Struggling to keep ants away from your hummingbird feeder? Whether you’re dealing with ants, earwigs, or another creepy-crawly bug, you want them to leave your hummingbirds alone! Here are 10 tips for how to keep ants out of hummingbird feeders.
Why You Should Keep Bugs Off Your Feeder
While pests like ants and earwigs may not seem like a big issue at first, they can harm your hummingbirds. Because they’re small and fit through the nectar ports on your feeder, these insects will crawl into the nectar and drown, spoiling the sugar water faster and potentially sickening your birds.
In addition, they’re stealing food that’s meant for hummingbirds, and, as birders, we don’t like that!
While hummingbirds do enjoy eating insects, ants aren’t included on that list, so their presence is purely pesky. There are a few tricks to getting rid of these flightless bugs. (If you have bees, wasps, and the like bothering your hummingbirds, here’s a separate post on how to get rid of them.)
How to Keep Ants Off Hummingbird Feeder
Here are 10 tips for keeping ants out of hummingbird feeders. They vary in cost and complexity, and you’ll have the most success when you try several methods at once.
Use an Ant Moat
When dealing with ants, earwigs, and other non-flying insects, the solution for a bug-free hummingbird feeder is often simple. The most effective way to keep ants away from your hummingbird feeder is to use an ant moat. The moat is a little cup filled with water with hooks on either end. It keeps the ants from walking down into your hummingbird feeder, since they can’t pass through the water.
You can also get feeders with built-in ant moats if you don’t want to use a separate attachment.
You can even make your own ant moat using plastic bottles or large caps – here’s one tutorial:
Obviously the key here is to keep the moat full – if it runs out of water, they can walk through the moat and continue to get into your hummingbird feeder. Refill the moat regularly, especially if it’s hot or dry out. If you can’t keep up with refilling the water in your moat, you can try sprinkling cinnamon on the inside of it.
Try an Ant Guard
Similar to an ant moat, an ant guard is suspended between your feeder and the string to prevent ants. Instead of water, the ants are repelled by the permethrin mixture inside.
Suspend the Feeder with Fishing Line
Another option for stopping ants and earwigs includes suspending your feeder with fishing line string. Since it’s too thin and slippery for ants to climb on, they’ll leave your feeder alone. Try using string that’s safe to at least 10 lbs. to make sure the line will hold the nectar-filled feeder’s weight.
Clean the Feeder Regularly
Ants usually first find the feeder when there’s hardened sugar underneath or on the outside of the feeder. If the feeder is thoroughly cleaned on at least a weekly basis (more, including daily cleanings, are great), they won’t find sugar!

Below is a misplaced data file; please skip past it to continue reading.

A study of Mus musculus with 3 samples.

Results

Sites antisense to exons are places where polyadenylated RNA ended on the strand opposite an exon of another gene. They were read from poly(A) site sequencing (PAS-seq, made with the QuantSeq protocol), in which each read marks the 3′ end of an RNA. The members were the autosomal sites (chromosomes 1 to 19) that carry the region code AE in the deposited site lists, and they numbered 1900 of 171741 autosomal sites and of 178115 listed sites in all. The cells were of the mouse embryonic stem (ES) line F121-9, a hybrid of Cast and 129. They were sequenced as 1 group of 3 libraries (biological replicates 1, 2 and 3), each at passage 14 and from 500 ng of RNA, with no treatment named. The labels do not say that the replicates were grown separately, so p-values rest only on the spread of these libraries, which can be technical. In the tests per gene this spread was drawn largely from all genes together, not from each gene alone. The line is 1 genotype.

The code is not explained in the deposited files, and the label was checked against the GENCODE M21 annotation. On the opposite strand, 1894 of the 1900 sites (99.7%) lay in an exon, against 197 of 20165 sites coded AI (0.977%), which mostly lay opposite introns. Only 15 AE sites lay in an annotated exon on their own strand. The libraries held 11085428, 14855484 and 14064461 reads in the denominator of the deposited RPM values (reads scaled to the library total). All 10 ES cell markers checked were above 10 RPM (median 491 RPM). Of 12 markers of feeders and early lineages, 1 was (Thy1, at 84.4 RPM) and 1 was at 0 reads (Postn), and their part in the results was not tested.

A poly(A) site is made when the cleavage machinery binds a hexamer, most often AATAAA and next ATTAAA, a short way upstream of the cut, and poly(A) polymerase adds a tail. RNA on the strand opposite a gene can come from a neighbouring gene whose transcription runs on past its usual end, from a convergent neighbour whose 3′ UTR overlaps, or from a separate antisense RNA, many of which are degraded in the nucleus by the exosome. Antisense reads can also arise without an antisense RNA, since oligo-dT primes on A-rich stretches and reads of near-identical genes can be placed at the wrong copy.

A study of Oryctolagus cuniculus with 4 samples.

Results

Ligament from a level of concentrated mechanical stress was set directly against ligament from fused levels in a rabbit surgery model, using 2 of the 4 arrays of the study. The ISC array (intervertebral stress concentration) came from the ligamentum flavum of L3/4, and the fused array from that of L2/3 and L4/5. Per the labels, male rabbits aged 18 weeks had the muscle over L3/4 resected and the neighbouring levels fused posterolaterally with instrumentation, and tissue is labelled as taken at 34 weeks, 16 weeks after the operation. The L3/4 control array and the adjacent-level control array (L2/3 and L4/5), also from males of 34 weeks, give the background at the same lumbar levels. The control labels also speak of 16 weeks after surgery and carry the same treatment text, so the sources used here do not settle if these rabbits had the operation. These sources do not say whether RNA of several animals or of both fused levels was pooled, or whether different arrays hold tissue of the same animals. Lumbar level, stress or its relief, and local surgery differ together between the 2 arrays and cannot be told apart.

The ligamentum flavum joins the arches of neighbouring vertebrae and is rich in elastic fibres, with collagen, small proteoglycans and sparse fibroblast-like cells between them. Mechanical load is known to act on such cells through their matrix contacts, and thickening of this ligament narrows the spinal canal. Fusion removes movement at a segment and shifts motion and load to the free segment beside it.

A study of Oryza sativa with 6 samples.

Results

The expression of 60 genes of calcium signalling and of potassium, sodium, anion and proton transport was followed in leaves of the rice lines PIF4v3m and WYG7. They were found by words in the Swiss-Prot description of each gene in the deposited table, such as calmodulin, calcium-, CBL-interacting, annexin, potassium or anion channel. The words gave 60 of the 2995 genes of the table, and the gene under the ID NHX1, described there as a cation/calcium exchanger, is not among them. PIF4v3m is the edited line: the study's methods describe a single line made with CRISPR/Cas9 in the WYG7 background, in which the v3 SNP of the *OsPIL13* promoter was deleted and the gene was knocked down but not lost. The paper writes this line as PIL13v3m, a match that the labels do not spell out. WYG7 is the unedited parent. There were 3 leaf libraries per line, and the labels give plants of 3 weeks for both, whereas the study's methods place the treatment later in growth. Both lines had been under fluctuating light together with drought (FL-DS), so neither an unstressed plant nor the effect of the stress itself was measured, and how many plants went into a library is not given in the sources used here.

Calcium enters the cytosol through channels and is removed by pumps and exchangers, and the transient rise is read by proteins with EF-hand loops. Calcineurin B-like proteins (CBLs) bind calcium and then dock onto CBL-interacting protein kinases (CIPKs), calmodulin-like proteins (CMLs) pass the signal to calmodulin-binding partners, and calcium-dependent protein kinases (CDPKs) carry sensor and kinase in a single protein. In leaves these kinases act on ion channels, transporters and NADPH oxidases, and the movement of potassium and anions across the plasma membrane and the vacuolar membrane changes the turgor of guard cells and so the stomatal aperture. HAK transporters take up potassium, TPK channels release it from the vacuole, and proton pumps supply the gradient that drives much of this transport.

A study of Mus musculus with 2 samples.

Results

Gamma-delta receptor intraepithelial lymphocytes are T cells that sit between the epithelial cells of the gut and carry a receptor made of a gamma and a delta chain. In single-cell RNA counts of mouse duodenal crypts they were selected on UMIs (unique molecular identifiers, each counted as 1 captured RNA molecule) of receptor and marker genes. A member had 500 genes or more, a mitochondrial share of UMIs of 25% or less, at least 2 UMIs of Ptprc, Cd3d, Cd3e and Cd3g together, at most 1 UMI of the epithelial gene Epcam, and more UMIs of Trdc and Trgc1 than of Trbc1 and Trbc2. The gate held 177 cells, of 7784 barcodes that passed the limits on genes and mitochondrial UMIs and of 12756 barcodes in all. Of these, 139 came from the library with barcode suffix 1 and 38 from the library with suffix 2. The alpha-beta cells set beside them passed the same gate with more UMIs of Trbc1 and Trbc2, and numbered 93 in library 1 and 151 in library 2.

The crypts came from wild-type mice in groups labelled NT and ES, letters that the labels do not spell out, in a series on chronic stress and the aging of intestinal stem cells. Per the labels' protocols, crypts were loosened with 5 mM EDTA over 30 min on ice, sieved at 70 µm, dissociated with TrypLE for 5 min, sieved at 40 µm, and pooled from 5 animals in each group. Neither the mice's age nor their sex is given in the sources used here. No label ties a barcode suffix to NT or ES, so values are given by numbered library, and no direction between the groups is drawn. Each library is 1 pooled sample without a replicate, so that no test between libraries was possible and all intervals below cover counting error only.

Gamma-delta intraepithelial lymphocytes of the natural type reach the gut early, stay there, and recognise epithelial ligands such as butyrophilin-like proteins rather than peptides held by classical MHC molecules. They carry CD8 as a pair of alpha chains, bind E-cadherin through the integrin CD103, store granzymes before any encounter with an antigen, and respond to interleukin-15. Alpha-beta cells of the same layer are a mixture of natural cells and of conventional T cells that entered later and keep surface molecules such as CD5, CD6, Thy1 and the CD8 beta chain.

Check for Leaks
This tip can be combined with cleaning, since you can check for any cracks or issues with the feeder while you have it emptied. Cracks can cause additional sugar water leaks that will draw in even more ants. If you find cracks or other damage that causes leaking, either find a fix for it (sometimes as easy as tightening the parts) or invest in a new feeder.
Ants tend to be less interested in climbing things that are harder and farther to get to, making porches, decks, gutters, and more great places to suspend a feeder from. Traditional options like shepherd hooks aren’t as ideal, since they often give ants a clear path to the feeder.
If you have a small body of water, like a fountain, you can also try adding a shepherd hook to the middle of it and hanging your feeder from there. Ants won’t cross any significant amount of water.
Block the Ants’ Path
Wherever you choose to hang the feeder, make sure that there are no branches or other convenient bridges an ant could use to get closer to your feeder.
You can also try spreading cinnamon, cayenne pepper, vinegar, or diatomaceous earth along the path an ant would have to take, such as at the base of a shepherd hook.
Move Your Feeder
If ants have found your feeder already, try moving it at least 5 feet away. Your hummingbirds will still be able to find it, but ants can quickly get confused when a food source disappears from its usual location.
(Find out how hummingbirds find feeders.)
Keep It Out of the Sun
Positioning the feeder in a shaded area can help keep ants away and helps the sugar water stay fresh longer.
DON’T Use Insecticides or Oils
No matter how bad your ant infestation gets, don’t use any slippery oils or insecticides on or near your feeder. Oils, greases, petroleum jelly, and other sticky or slippery substances can keep ants at bay, but they’ll get on hummingbird feathers and keep them from flying. Rather than using oils or sticky tapes, use natural deterrents like cinnamon.
Insecticides are just as deadly to hummingbirds as they are to insects, so never use them anywhere near feeders or flowers!
Happy Hummingbird Watching!
You should now know how to keep ants away from hummingbird feeders! Try a combination of these tips to find what works best for you. Happy hummingbird feeding!